Management of Blood Pressure Disorders
The most conservative approach is usually the first treatment strategy:
- lifestyle changes
- Low salt diet
- Potassium supplementation
- Quit smoking, if a smoker
- Weight loss via caloric restriction and nutritional counseling
- Exercise to address a sedentary lifestyle, especially in sedentary occupations
- Alcohol restriction (avoid excesses)
- Psychological counseling to identify stressors and to develop coping skills to handle them
- CPAP for obstructive sleep apnea, which is associated with hypertension
When conservative measures fail or when a patient is non-compliant with them, pharmacologic therapy is indicated, which can reduce heart failure by 50%, stroke by 30-40%, and myocardial infarction by 20-25%.
Drug therapy is typically begun when the out-of-office mean BP is ≥130 systolic or ≥80 diastolic. These same criteria apply even when there are no out-of-office data, but the ≥130/≥80 criteria are met with office BP readings in patients who have one or more of the following:
- Age >65
- Any cardiovascular disease
- Type 2 diabetes
- Chronic kidney disease
Depending on age, race, and/or the presence of diabetes (DM), initial therapy begins with one of 4 medications:
- Thiazide diuretics
- Calcium channel blockers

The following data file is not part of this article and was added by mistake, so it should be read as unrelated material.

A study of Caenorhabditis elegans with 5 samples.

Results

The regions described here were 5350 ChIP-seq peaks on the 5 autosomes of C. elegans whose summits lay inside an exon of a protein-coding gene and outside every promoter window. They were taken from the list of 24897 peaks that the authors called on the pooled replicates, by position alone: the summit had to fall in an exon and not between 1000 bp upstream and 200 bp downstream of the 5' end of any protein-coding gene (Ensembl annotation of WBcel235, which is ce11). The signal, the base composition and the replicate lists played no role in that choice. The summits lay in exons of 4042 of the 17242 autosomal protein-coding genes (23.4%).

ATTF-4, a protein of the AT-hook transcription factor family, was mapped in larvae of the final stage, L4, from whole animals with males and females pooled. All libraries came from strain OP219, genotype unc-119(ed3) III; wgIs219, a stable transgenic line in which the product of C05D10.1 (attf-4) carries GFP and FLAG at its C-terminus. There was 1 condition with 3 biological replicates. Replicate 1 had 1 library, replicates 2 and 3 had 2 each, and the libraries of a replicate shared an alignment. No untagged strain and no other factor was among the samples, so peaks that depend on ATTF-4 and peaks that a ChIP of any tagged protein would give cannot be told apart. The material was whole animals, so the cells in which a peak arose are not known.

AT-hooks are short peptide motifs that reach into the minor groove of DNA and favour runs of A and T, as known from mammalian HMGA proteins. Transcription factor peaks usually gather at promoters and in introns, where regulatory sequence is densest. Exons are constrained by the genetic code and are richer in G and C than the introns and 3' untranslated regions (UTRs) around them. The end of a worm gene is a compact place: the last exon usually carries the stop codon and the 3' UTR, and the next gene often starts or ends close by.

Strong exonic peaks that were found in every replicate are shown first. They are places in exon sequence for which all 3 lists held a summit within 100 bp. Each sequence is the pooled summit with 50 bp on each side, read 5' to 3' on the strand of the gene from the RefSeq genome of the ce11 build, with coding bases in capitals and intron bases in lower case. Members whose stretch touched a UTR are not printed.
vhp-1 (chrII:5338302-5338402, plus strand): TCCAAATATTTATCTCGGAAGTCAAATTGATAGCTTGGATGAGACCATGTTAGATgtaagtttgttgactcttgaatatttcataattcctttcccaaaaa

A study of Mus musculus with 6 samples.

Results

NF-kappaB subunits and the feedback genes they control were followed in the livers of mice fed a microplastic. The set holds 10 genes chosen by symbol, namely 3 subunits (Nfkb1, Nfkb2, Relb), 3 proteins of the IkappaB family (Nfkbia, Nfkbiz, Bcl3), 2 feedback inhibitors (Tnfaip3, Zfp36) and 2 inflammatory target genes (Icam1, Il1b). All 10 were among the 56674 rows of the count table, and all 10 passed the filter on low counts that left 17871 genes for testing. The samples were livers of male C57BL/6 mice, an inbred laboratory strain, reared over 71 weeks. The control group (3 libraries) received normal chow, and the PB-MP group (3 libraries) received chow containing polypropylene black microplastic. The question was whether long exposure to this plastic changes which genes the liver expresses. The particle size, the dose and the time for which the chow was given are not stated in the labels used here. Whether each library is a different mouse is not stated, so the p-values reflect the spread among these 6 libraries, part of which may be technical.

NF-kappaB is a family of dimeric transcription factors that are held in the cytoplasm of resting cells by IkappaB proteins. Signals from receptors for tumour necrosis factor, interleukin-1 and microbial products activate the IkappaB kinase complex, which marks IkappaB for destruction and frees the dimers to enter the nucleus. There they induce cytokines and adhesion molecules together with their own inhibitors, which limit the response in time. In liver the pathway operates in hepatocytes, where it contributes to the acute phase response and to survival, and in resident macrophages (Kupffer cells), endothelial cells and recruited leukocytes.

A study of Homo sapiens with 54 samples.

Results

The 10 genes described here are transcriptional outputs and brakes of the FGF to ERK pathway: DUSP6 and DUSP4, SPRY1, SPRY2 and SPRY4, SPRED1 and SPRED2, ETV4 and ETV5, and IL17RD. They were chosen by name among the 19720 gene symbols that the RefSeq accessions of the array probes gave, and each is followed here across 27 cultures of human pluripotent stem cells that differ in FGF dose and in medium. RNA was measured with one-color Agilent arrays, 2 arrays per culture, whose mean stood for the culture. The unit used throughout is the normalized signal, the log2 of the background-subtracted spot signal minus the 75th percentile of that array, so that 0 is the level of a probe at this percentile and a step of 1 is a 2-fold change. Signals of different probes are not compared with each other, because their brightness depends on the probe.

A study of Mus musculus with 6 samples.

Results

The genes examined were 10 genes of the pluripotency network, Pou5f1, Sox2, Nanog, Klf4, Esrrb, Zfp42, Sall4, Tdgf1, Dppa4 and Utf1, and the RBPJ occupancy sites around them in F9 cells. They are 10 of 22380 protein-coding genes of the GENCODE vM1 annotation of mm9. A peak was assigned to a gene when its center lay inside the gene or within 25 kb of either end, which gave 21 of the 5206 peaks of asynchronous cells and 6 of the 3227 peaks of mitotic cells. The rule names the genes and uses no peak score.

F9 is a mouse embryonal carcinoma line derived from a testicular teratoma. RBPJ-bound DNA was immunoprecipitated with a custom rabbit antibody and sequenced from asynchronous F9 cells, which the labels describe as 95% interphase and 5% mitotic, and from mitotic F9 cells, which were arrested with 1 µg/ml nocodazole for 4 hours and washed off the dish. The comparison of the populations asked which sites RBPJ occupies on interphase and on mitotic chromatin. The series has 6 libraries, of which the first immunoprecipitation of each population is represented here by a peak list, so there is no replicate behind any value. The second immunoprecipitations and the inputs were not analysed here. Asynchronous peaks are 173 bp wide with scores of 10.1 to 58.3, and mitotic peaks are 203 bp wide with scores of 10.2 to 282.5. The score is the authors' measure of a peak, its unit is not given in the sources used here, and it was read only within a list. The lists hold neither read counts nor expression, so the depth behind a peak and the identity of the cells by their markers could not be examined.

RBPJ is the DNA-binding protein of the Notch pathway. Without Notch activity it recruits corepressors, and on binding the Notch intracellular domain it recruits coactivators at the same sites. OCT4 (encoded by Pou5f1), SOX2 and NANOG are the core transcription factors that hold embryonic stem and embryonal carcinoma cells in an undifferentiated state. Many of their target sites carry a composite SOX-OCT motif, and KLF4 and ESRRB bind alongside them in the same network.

- ACE (angiotensin-converting enzyme) inhibitors
- ARBs (angiotensin II receptor blockers)
When monotherapy fails to achieve a target BP (the “goal” BP), a combination of an ACE inhibitor or ARB with a calcium channel blocker can be tried. (Alternately, the ACE inhibitor or ARB can also be used with a thiazide diuretic). When this fails, an ACE inhibitor or an ARB in combination with both a calcium channel blocker and the diuretic.
If a patient cannot tolerate the typical combination therapeutic choices, a beta blocker, alpha blocker, or arterial vasodilator can be used.
When results are good and a normal BP remains stable for a few years, the dose and number of antihypertensive agents can be reduced as a trial, as many patients maintain their normal BPs off medications for years, especially if they have lost weight.